Drink driving is a major cause of car accidents in NSW, which is why Traffic and Highway Patrol officers have joined with Local Area Commands in the state to tackle the problem.
NSW Police launched Operation Watchtower on Sunday (February 28), with 6,574 breath tests administered on the day. Officers were also on the lookout for drug driving, with 1,659 tests given to drivers to see whether they were under the influence of narcotics.
The campaign led to the police force charging 12 individuals with drink driving and 133 people with drug-related crimes. Moreover, officers handed out 160 infringement notices, as well as charging 26 drivers for miscellaneous traffic offences and other indiscretions.
Assistant Commissioner John Hartley, Traffic and Highway Patrol Commander, warned that alcohol can stay in the system for a number of hours after people stopped drinking. Drivers may therefore want to avoid using their vehicles the morning after a big night out.
“Despite these massive police operations all over New South Wales, drivers are still prepared to take the risk which potentially can cost their licence, their livelihood, or sadly their own or another’s life,” he stated.
Car accident compensation
Anyone who is involved in a car accident caused by drunk drivers could be entitled to compensation through NSW legislation. The Motor Accidents Compensation Act 1999 outlines the relevant laws for pursuing claims.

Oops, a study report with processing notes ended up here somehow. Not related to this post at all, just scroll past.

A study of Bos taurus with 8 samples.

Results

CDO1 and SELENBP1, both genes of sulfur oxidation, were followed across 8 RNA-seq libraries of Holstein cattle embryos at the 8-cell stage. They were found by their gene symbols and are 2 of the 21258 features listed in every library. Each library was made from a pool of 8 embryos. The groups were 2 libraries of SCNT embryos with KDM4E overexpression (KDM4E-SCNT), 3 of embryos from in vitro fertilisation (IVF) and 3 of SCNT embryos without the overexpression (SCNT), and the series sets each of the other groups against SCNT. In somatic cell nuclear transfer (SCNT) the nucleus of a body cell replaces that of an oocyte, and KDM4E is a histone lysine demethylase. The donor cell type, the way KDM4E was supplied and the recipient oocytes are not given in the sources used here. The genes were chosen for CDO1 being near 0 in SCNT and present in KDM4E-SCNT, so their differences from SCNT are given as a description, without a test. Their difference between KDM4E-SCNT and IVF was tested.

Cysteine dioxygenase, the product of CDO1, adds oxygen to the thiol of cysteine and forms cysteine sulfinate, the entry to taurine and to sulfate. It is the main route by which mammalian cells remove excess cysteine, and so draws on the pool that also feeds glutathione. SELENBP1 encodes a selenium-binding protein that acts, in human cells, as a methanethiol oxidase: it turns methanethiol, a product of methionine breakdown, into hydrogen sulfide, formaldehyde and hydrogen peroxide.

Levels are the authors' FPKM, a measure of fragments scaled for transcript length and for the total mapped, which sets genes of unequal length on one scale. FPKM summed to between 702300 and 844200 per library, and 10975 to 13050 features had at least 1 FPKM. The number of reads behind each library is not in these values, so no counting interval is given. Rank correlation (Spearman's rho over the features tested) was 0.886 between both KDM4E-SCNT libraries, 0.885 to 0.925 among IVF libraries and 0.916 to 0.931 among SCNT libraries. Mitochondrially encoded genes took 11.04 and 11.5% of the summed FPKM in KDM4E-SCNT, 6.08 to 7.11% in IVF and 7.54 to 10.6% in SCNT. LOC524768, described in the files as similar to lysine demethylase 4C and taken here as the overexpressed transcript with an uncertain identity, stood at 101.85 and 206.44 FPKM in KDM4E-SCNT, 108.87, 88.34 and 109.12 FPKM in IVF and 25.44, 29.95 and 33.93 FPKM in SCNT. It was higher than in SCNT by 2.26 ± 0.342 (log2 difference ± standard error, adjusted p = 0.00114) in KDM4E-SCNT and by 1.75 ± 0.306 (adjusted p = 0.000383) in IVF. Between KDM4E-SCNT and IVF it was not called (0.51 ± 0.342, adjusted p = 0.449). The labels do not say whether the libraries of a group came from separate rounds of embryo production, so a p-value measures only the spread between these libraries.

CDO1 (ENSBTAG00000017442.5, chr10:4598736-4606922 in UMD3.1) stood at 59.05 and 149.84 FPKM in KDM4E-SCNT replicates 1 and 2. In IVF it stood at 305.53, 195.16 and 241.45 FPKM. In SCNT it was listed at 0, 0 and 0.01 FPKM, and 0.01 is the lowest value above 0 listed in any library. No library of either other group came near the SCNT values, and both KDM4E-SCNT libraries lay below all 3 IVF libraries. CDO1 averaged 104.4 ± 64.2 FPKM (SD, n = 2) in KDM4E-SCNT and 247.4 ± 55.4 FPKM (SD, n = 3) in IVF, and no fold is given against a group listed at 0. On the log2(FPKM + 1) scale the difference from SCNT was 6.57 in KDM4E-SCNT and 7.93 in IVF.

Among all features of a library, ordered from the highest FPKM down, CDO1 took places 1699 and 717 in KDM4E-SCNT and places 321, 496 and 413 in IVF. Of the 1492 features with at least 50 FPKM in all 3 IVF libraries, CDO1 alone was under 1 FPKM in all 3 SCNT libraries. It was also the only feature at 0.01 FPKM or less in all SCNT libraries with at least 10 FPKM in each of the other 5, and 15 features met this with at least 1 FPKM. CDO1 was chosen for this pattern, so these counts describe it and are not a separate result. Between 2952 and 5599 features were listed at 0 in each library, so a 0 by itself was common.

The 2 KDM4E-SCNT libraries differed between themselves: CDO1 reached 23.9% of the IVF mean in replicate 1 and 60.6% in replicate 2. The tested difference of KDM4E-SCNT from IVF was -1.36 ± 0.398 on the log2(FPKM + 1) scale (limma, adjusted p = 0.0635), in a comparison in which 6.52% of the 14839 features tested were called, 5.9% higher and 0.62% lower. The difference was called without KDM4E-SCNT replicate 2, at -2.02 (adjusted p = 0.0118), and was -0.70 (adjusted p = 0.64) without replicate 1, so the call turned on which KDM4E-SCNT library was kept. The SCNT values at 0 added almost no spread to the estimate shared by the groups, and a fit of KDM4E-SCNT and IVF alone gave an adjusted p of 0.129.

Victims of vehicle collisions can suffer serious or even life-threatening injuries, which may also lead to psychological conditions such as depression, anxiety or post-traumatic stress disorder. Time off work can result in lost income, and the costs of ongoing treatment may begin to pile up.
All road users are potentially protected under the Act, including drivers, passengers, cyclists, motorcyclists and pedestrians. Successfully receiving damages means people can cover a range of expenses related to the accident, providing peace of mind and financial support for the road to recovery.
Assistant Commissioner Hartley said NSW Police conducted 6.1 million random breath tests last year and identified 18,800 drink drivers. Officers also issued 58,000 drug tests, with 9,100 people found under the influence of narcotics over the 12 months.
“Those that continue to run the risk of drink or drug driving will be caught,” he added.
The common effects of alcohol include slow reaction times, poor judgement, compromised balance and drowsiness, while drugs can lead to over-confidence, aggressive driving, blurry vision and loss of concentration.